Dunn


Dunn Logo

Dunn was founded in 1921 and is between the fountain pen golden age producers, when every company was founded on the basis of some sort of the technical innovation. In Dunn's case the invention was a pump filling system very similar to the one used by OMAS in the Lucens many years later. That allowed the company to obtain a good market share.

But Dunn's life was very short, the company closed its doors in 1924 (or 1927, depending on sources). In its short life however Dunn produced good quality and robust fountain pens, equipped with an efficient and advanced filling system that was years ahead to those of its competitors.

Dunn
Brand advertising
Models et al.
Brand photos
Patents

History

An oversize model

Dunn was founded in New York in 1921, but curiously Charles Dunn, the inventor which gave its name to the company, was not between its owners because he died by tuberculosis just few days before the company foundation. It was him that in 1920 created and patented (Patent nº US-1359880) an original pump filling system similar to the one used by OMAS, more than 10 years later, for the Lucens. The new filling system allowed to store a large ink capacity, so that one of the slogans adopted for the market launch the Camel Tatler model was: "A regular camel for ink, goes a month without a drink".

Advertising of 1922, with the slogan A regular camel for ink, goes a month without a drink

All Dunn fountain pens were produced using this particular filling system, which also characterized their style; the back of the pen, used as a knob of the pump filling system was carried out in red plastic (initially in hard rubber, then replaced by casein, a perishable and lower quality material), so it formed a distinctive feature of the pen, that in another slogan was described as "The fountain pen with the red pump handle".

Initially the Dunn pens were made in hard rubber and were of good quality; the company distinguished itself by an extensive advertising campaign. The pump mechanism was simple and robust, and the pens were produced in a variety of models from small pens for women's to the Dreadnaught giant model (produced also in regular dimensions). An interesting feature, from a technical point of view, was also the introduction of a the caps composed by two parts, whose top section could be unscrew in order to discover the nib, but leaving it shielded by a protective cage in order to consent to fill the pen without pressing dangerously the nib on the bottom of the ink bottle.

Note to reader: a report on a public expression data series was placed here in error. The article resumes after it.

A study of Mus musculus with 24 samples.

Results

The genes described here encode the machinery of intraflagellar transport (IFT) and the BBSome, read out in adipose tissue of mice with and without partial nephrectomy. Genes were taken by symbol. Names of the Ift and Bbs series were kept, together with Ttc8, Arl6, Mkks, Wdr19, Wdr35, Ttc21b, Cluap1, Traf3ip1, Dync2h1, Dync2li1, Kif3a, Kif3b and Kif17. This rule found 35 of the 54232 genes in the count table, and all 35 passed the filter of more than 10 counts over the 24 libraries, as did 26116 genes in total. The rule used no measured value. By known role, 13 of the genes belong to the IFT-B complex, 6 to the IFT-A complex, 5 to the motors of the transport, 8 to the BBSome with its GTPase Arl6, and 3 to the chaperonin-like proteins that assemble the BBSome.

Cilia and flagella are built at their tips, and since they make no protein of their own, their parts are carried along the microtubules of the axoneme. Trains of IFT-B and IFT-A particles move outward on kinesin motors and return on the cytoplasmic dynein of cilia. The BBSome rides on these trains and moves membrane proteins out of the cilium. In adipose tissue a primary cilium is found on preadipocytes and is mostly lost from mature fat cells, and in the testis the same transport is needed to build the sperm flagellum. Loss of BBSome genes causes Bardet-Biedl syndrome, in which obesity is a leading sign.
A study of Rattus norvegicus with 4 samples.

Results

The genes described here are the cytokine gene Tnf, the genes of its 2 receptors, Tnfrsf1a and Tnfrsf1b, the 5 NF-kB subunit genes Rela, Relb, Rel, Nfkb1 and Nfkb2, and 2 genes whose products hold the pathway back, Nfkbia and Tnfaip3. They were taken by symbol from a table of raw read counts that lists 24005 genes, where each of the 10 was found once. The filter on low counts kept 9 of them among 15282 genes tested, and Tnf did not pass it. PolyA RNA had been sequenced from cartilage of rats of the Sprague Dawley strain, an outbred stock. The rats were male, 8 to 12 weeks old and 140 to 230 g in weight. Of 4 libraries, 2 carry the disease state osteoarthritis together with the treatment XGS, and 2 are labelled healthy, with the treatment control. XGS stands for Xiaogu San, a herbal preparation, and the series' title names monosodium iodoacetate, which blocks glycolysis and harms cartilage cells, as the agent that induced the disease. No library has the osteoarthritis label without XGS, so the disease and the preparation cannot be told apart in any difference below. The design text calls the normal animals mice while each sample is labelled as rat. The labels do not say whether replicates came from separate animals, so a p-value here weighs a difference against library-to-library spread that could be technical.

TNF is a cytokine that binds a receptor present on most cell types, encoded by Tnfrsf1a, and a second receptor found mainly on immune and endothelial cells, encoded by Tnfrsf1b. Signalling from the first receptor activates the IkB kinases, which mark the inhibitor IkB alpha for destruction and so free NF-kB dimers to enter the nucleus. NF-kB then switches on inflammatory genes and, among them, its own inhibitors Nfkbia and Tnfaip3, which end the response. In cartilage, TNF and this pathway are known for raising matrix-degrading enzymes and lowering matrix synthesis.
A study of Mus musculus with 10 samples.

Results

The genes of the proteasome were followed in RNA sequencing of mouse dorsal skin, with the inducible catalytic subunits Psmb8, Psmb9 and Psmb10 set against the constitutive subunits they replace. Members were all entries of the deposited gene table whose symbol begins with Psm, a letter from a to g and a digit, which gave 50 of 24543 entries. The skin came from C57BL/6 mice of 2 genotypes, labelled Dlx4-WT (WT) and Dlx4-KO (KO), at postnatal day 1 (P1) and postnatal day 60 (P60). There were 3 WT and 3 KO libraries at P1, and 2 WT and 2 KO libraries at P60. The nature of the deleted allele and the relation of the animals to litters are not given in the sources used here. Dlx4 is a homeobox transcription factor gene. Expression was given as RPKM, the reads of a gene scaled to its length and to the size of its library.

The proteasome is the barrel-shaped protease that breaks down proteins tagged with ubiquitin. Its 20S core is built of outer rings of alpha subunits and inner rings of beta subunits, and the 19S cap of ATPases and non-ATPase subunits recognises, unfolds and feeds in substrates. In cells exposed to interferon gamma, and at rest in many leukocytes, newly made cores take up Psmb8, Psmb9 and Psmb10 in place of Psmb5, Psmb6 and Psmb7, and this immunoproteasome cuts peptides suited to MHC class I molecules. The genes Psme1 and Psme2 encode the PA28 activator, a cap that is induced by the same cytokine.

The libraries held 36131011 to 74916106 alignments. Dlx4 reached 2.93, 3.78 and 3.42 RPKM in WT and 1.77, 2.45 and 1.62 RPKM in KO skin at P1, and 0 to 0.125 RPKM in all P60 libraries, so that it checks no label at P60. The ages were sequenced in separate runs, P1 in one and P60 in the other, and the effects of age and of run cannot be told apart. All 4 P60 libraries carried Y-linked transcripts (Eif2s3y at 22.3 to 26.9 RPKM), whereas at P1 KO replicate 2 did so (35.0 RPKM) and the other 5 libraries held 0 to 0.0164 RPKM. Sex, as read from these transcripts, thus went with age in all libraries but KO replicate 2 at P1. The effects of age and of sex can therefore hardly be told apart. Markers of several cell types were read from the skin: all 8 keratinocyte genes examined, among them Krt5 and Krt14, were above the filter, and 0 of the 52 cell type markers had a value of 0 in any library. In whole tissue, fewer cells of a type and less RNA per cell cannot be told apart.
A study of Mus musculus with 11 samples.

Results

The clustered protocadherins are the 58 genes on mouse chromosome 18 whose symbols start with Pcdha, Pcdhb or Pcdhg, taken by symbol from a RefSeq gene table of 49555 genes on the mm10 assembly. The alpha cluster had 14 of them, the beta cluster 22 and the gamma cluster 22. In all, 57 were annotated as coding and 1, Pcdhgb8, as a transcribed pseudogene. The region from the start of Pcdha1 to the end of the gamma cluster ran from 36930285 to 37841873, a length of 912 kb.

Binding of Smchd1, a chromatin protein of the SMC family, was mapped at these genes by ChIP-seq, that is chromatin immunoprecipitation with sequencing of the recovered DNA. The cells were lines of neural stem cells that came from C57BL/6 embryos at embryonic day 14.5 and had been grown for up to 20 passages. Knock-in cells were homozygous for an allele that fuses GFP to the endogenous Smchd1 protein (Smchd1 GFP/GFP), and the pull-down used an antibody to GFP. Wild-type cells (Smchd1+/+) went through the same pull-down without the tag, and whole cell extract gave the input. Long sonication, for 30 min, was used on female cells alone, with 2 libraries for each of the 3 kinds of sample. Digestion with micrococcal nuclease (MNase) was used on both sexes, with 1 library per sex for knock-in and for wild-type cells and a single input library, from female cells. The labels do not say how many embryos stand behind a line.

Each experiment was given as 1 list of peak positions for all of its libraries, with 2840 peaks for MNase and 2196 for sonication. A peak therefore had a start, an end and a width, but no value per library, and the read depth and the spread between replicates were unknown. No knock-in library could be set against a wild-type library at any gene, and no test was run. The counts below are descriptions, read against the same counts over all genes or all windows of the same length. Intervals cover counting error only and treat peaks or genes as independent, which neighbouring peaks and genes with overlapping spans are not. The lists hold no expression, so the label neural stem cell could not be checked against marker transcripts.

In addition to black hard rubber Dunn produced also bakelite pens with a transparent barrel (though most of the transparent models were later made in celluloid). Are also known to exists, but to be very rare, some metal overlay pens.

The end of the company is not very clear, someone report a bankruptcy in 1924 caused by a prolonged strike of all the employees. Others say that the company continued operation until 1927, because there are trace of it having headquarters in New York, 71 Fifth Ave, when it went off market by its incapacity to adapt its production to the era of the colored celluloid pens. It seems[1] that in 1924 there was a first instance of failure (whose causes seem to be specifically tied if not for a strike to serious problems of labor relations), which followed an attempt to reorganize the company. This had not happened, leading a few years after the final failure.

Chronology

Year Event
1921 the company is founded by Charles Dunn in New York
1924 the company get its first bankrupcy filing
1927 the company ceases operations

External references

  • [1] Dunn page on Richard Binder website
  • [2] Dunn page on David Nishimura website
  • [3] Dunn page on Pen and Watch website

Notes

  1. look at this discussion about this topic in Fountain Pen Network.